I will answer questions #2 and 6 here since both have to do with similar topics.
To say that the Catholic Church claims always to be correct is somewhat unfair. I assume that this question is based on the doctrine of papal infallibility. However, the fact that the Church holds that the Pope is infallible in certain, very limited circumstances, does not mean that the Pope is always infallible, let alone that the Church cannot make mistakes. For example, the Church has only claimed to be issuing an infallible statement about doctrine twice in the past 140 years or so. These statements have only to do with basic doctrines (the Assumption of Mary, the idea that only men can become priests), not with lesser things.
Therefore, it is not surprising that the Church needed to be reformed at times. It is a fallible organization like any other. No organization ever thinks it is doing the wrong thing and continues to do it. But every now and then, organizations come to realize that they have been making mistakes without realizing it and they change. This was true of the Catholic Church in the Middle Ages.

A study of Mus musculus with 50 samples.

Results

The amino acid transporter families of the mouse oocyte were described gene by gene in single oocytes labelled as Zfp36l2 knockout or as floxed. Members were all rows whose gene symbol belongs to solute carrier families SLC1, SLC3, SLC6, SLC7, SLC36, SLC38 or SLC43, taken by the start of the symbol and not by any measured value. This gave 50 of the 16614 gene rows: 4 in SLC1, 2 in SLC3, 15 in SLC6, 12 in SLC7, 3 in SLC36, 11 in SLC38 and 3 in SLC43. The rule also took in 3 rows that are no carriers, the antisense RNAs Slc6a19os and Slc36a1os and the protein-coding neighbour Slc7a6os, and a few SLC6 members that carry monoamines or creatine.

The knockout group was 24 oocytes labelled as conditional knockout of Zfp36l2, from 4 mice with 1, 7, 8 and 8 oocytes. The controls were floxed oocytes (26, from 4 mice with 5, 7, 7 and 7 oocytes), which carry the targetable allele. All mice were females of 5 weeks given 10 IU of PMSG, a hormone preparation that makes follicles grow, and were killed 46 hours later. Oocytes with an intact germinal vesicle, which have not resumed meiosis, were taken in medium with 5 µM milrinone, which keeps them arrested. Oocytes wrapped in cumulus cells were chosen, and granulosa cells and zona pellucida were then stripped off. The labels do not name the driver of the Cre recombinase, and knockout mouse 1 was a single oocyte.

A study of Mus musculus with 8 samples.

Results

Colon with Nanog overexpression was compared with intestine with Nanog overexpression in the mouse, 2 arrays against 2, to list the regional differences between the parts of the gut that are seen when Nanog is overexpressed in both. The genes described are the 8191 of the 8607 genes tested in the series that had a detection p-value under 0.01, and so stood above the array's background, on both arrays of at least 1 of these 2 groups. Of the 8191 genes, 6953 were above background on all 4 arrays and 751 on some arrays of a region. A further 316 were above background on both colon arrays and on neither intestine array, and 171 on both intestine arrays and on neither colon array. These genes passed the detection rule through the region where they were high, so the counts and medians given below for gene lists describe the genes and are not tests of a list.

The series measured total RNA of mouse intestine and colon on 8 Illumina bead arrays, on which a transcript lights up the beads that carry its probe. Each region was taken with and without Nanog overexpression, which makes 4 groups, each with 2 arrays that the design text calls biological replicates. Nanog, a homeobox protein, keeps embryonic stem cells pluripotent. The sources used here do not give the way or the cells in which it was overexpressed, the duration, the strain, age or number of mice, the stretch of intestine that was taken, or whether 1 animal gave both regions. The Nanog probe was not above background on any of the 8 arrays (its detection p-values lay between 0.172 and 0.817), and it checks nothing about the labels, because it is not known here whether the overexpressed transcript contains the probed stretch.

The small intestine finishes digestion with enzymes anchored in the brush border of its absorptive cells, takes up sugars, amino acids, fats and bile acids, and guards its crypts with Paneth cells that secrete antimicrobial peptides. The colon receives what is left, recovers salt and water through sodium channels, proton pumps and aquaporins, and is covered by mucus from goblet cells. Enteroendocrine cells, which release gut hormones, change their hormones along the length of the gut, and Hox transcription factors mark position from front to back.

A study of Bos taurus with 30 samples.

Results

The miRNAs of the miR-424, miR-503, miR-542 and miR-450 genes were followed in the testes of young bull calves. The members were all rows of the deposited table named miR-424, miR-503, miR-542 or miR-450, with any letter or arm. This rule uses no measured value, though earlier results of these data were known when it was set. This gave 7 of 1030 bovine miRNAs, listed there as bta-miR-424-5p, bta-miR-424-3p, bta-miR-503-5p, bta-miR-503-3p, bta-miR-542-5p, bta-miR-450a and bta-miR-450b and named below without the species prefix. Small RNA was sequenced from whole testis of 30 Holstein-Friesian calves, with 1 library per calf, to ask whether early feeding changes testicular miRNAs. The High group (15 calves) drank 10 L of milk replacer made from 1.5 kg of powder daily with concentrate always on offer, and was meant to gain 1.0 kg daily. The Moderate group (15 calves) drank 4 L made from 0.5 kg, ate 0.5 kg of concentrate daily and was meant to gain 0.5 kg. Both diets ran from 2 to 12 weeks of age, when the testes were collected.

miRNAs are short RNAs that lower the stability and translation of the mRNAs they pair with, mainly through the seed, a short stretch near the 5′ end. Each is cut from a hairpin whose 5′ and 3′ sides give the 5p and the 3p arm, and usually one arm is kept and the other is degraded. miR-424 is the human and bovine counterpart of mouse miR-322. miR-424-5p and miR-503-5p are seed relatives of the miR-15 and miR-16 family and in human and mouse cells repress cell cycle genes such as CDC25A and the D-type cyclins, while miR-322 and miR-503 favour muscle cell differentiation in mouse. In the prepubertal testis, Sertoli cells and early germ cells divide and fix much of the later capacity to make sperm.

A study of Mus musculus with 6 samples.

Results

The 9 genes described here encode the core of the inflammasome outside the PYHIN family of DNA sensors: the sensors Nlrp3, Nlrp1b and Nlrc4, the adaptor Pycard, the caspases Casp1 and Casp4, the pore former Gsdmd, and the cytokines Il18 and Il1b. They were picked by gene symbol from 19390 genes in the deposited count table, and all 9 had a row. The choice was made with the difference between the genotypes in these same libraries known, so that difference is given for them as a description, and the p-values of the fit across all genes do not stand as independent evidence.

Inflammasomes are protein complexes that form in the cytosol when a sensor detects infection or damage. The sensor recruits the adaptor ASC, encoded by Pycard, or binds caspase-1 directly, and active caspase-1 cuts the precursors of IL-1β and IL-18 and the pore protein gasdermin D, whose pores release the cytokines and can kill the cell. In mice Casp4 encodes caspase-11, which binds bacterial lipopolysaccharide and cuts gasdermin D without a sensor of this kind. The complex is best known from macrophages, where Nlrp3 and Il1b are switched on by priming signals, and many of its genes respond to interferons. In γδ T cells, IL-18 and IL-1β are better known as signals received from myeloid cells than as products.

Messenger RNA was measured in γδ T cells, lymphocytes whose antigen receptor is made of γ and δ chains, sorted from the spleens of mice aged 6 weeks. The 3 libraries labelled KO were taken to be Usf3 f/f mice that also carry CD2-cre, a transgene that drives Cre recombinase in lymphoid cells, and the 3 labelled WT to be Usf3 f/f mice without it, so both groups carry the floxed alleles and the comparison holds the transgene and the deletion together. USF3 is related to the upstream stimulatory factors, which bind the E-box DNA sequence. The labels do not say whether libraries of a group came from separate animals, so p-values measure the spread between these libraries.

The fact that the Church can sometimes be wrong is illustrated in the Avignon Papacy. This was a period of about 70 years in the 1300s when the popes reigned from Avignon, in France, rather than from Rome. During this time, the popes were more or less controlled by the French kings. This was significant mainly because it led to the Western Schism. This occurred when Pope Gregory XI moved back to Rome and a new pope was elected in Avignon. During this time, there were two (and, for a while, three) men claiming to be pope.
The Avignon Papacy and the schism are important because they led many people to lose faith in the Church because it was so clearly lacking in moral leadership at the highest levels. They also caused popes to lose moral authority, thus making it harder for them to try to claim that they should have any power over secular kings.